Stone Cold

Published Date Author: , October 31st, 2012

Within an hour’s drive of Merida are many little towns dotting the Yucateca landscape that specialize in their own particular brand of hand-crafted items. In Ticul you will find wonderful ceramics of every design, shape, and size. Temozon streets are lined with bodegas selling stunning Mayan-inspired furniture in woods of pine, cedar, and Tsalam. And just 10 minutes outside Merida lies Dzitya, a sleepy little pueblo offering up works of sinks, fountains, gargolas, floor and wall tiles, statues, and more, all made from local stone.

Dzitya is close enough to Merida to be on a city bus route. So when Steve and I needed some items for our B&B we took a bus to Dzitya (six pesos – such a bargain!), got off on a corner just outside the town square, and began our search. Actually, we had lunch, first, but I’ll save that incredible experience for another time.

After lunch we walked to the town square, which is quite large for a town this size. We saw, maybe 2 dozen homes in the little village, and although I’m sure there are a few more, the size of the town square belies the small size of the overall town. In fact, the town square IS Dzitya. And although hardly a soul was around, don’t let the apparent lack of activity fool you. To many this dusty little pueblo is just another struggling Mexican village. But look deeper and you will find a treasure trove of goods and people.

Lined along the streets bordering the square is shop after shop with locals selling their wares. There are highly lacquered pieces in Tsalam, a beautiful local hardwood, and ceramics. But the town specializes in heavy local stonework.
Dzitya 1
Dzitya 2
Dzitya 3

There are three main types of stone used in Dzitya. Macedonia is a dense, white stone with a Jurassic-era look. We have seen this stone on floors and stairs and walls, and we have a sink made of Macedonia in one of our guestrooms. Coquina is a lustrous, marble-like stone used for virtually everything in Merida colonial homes. It has the look of some of the finest Italian marble, but at a price that makes it affordable on even the tightest of budgets. We purchased two coquina corner shelves for our own shower, and the total came to about $30.00 US. I almost felt guilty getting them for that price. I said almost.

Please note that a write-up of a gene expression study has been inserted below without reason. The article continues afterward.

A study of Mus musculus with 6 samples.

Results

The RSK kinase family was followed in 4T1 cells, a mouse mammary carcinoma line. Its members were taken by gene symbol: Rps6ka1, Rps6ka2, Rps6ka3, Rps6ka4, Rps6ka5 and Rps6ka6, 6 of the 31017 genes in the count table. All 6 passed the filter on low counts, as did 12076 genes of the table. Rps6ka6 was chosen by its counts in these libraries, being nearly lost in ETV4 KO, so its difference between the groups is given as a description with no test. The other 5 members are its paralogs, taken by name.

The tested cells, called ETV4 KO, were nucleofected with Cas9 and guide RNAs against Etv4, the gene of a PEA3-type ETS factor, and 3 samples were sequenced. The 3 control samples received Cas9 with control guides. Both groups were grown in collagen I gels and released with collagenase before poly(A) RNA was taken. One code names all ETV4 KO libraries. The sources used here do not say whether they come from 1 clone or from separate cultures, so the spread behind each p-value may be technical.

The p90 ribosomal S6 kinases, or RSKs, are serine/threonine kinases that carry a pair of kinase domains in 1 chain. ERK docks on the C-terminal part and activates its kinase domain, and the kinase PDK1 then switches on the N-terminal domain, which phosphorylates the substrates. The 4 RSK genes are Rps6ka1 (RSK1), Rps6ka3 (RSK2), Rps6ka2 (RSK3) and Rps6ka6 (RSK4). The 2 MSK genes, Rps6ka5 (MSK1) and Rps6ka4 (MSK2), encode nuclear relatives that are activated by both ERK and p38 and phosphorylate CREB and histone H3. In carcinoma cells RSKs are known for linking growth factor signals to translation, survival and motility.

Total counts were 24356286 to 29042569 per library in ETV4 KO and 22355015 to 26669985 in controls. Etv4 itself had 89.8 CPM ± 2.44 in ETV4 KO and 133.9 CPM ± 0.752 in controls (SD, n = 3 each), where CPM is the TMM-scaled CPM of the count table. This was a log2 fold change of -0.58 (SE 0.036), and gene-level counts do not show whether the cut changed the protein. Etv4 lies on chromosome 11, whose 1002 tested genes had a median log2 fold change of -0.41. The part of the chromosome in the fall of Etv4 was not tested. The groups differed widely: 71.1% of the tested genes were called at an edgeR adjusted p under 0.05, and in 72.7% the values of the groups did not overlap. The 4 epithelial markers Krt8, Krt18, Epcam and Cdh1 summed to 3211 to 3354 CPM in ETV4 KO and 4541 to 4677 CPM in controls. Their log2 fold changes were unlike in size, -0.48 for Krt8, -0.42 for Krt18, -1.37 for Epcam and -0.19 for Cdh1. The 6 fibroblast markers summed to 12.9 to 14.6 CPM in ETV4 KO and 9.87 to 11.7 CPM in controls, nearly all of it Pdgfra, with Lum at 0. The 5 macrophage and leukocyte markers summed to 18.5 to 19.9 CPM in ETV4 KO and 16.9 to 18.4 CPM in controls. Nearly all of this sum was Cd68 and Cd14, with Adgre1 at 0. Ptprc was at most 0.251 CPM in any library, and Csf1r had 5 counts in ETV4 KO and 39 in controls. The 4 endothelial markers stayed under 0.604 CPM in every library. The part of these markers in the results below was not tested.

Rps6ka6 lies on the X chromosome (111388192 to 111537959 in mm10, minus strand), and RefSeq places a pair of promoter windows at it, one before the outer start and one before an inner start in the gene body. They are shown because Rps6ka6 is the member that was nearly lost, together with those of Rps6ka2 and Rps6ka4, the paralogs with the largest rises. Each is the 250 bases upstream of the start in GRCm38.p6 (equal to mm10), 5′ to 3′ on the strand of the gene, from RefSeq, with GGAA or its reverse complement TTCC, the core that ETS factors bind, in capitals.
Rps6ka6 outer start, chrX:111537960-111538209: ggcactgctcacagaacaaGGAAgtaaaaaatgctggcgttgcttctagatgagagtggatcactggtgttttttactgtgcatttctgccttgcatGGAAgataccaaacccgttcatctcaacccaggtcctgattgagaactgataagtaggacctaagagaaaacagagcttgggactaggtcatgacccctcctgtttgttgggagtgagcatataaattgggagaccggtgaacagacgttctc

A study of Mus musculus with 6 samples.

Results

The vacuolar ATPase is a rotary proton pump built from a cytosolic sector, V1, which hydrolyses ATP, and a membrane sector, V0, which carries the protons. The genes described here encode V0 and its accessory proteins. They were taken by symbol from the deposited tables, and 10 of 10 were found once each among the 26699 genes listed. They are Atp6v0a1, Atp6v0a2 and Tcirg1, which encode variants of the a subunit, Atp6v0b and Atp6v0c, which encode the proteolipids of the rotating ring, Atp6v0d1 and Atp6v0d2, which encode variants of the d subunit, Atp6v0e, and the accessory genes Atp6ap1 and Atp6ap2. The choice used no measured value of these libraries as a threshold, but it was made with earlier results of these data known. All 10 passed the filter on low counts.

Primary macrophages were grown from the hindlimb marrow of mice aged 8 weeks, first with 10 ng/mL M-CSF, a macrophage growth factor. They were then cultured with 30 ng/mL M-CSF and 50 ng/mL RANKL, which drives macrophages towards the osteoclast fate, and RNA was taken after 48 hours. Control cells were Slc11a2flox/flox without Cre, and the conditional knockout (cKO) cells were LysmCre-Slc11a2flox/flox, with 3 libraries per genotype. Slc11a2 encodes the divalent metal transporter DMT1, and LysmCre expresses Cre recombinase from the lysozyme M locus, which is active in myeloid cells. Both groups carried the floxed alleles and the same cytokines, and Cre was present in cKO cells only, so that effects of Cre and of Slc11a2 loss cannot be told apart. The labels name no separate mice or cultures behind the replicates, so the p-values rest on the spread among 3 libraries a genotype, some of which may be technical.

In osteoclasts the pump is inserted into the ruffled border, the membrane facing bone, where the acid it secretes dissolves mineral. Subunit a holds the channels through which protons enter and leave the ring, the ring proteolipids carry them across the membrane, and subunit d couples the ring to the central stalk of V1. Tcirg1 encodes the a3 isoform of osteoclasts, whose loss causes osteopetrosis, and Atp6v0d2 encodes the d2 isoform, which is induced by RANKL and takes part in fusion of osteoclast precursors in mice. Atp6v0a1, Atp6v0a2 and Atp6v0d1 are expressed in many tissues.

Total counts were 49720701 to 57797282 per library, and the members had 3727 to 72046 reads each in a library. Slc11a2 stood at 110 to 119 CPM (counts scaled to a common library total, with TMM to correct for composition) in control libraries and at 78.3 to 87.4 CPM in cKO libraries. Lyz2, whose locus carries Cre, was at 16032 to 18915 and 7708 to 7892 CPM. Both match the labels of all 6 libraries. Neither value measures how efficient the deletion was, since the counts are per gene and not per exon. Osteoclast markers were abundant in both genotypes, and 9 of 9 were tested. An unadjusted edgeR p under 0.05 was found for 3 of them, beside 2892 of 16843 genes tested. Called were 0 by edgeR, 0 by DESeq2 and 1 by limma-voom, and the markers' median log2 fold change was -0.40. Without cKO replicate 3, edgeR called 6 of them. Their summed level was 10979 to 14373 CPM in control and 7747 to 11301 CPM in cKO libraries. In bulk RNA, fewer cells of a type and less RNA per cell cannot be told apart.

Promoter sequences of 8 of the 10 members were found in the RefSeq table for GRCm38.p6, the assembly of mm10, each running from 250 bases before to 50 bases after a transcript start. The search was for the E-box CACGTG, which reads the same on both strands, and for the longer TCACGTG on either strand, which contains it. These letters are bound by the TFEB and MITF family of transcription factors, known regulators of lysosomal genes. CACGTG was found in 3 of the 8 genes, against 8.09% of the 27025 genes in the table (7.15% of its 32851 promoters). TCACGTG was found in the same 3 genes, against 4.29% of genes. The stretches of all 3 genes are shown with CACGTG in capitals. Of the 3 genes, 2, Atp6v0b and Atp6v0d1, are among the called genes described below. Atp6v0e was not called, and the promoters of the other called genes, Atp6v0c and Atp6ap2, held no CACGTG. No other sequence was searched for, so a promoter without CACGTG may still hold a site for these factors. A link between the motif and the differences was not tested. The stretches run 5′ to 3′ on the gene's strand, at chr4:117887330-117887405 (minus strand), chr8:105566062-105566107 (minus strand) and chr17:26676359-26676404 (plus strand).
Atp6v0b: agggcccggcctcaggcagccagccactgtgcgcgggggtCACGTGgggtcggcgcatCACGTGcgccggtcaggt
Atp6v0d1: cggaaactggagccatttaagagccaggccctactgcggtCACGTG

Finally comes my favorite local stone, Ticul. Ticul is a red, dense stone. It will have variations of color throughout, often with streaks of deep-red or brown. Because it is so easily identifiable, and affordable, you see Ticul all over Merida: on stairs, floors, walls in bathrooms, kitchens, counter-tops, and building facades. Our pool fountain gargolas are Ticul.

Unlike in Italy, where the prices of stone and marble have risen to luxury level, these Yucateca stones are still rock-bottom cheap, which is why so many expats use them to build their new homes in Merida. All the shops will wrap and ship your items for you, so don’t be afraid of purchasing something for your own home.

Dzitya is a real rough gem of a town. And in September each year, in the town square, is held a huge crafts fair where you will see artisans offering everything imaginable made of wood, stone, and ceramics. It’s just another reason why people from the U.S. and all over the world are flocking to Merida.

Jordy and his partner, Steve, welcome guests to Casa Del Maya Bed & Breakfast in Merida, Mexico. Their six rooms offer pasta tile floors, talavera sinks, air conditioning, pool, full breakfast, ticul gargolas, and much more. Casa Del Maya is centrally located for easy access to Merida attractions and the Mayan ruin sites of Chichen Itza, Mayapan, Uxmal, Ek Balam, area cenotes, Celestun, Progreso, and many others. For information and reservations, visit www.CasaDelMaya.com.